The PSU, short for power supply unit, is a device on the computer that converts the standard AC power from the computer to low voltage regulated DC powers for devices inside the computer. Most PSU nowadays are designed for ATX computers. The PSU are turned off and on by a signal on the motherboard. Previous computers from the early 90s and before have a switch to turn the computer on and off.
The one we chose for our computer build is the CORSAIR Professional Series HX850 power supply. This 850 watt power supply is more than enough to run the average computer system plus any extra components that you could throw at it.
When choosing a PSU, you should check how much watts the PSU needs to be to fully power the computer. There are many places to help calculate the amount of wattage your power supply needs to be. It is important to go higher than the amount of wattage you need. Going lower can put a strain on the computer when booting or running.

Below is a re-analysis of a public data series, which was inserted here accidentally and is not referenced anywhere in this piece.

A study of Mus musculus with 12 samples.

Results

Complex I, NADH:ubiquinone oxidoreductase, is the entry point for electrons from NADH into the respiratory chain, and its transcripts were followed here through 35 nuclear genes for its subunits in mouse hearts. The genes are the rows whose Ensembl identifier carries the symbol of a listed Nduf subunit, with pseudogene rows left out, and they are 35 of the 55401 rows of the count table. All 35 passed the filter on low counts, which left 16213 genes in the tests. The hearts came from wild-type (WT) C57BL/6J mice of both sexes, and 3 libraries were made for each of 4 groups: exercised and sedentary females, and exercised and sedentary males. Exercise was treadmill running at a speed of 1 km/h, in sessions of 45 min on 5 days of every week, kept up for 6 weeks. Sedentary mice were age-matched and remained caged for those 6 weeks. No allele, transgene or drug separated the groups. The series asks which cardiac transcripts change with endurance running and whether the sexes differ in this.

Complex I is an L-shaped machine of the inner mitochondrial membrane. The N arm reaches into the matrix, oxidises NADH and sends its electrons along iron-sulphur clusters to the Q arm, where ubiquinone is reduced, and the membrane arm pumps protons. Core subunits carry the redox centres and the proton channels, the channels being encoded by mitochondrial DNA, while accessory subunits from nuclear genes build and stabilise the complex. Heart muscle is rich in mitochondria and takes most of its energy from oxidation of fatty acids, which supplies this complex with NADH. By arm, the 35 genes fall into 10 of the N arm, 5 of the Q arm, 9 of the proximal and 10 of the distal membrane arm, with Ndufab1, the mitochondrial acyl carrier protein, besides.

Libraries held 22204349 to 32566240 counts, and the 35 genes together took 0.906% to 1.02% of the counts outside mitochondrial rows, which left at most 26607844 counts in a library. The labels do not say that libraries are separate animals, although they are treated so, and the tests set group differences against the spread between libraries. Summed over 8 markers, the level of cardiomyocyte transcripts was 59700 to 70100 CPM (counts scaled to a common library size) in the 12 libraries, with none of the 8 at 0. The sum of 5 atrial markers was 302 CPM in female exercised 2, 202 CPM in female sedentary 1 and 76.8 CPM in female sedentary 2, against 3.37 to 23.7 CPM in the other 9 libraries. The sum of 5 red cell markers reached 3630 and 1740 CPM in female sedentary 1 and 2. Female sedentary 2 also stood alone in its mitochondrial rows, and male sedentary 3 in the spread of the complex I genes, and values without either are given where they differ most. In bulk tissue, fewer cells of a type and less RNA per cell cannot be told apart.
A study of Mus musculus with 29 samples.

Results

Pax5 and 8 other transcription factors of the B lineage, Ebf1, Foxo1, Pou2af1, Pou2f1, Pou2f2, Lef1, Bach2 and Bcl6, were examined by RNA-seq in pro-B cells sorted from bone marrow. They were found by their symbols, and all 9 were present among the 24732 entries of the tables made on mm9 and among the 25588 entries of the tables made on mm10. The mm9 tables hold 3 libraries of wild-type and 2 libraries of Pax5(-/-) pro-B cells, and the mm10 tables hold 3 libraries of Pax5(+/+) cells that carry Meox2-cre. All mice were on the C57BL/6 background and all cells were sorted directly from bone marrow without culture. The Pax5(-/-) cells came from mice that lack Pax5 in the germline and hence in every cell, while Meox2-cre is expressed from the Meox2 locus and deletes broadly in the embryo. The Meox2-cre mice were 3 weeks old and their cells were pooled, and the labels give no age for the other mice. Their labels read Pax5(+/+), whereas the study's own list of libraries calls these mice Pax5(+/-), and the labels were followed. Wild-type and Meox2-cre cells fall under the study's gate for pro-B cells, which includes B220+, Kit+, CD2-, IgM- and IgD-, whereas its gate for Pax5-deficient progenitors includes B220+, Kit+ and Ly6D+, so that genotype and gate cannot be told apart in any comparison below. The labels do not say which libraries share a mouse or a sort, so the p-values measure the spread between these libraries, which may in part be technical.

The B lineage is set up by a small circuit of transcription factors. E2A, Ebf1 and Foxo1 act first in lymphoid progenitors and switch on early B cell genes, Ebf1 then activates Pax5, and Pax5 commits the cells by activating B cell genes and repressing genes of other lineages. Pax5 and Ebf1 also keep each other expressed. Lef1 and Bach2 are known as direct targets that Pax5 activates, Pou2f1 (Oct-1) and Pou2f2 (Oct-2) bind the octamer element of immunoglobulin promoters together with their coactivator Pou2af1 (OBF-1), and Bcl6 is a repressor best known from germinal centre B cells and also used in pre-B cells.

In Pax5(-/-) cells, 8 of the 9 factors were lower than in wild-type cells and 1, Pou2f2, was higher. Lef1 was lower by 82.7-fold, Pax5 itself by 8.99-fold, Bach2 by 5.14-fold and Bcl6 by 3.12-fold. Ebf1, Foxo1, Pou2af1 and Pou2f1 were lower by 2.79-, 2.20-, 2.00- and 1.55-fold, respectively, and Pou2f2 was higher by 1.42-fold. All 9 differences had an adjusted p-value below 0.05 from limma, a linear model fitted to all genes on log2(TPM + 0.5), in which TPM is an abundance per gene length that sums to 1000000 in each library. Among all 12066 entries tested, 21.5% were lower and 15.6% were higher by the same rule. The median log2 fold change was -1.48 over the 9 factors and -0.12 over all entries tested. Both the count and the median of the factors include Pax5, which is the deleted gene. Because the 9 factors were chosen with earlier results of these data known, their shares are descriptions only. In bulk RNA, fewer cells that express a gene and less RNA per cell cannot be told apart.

Another thing to note is the connectors the power supply it has. While things like the motherboard need power, other things like drives and expansion cards may also need power also.
Another thing to decide is whether you want a modular or a non-modular power supply. A modular power supply has removable power connectors while a non-modular power supply has all of the connectors connected to the power supply. One thing to note that modular power supply do not have standard connectors; so using a connector from another power supply with power supply may damage your computer.
Some PSU have the ability to switch the voltage. In the US, you have to keep the voltage switch at 120 volts (usually 115 volts).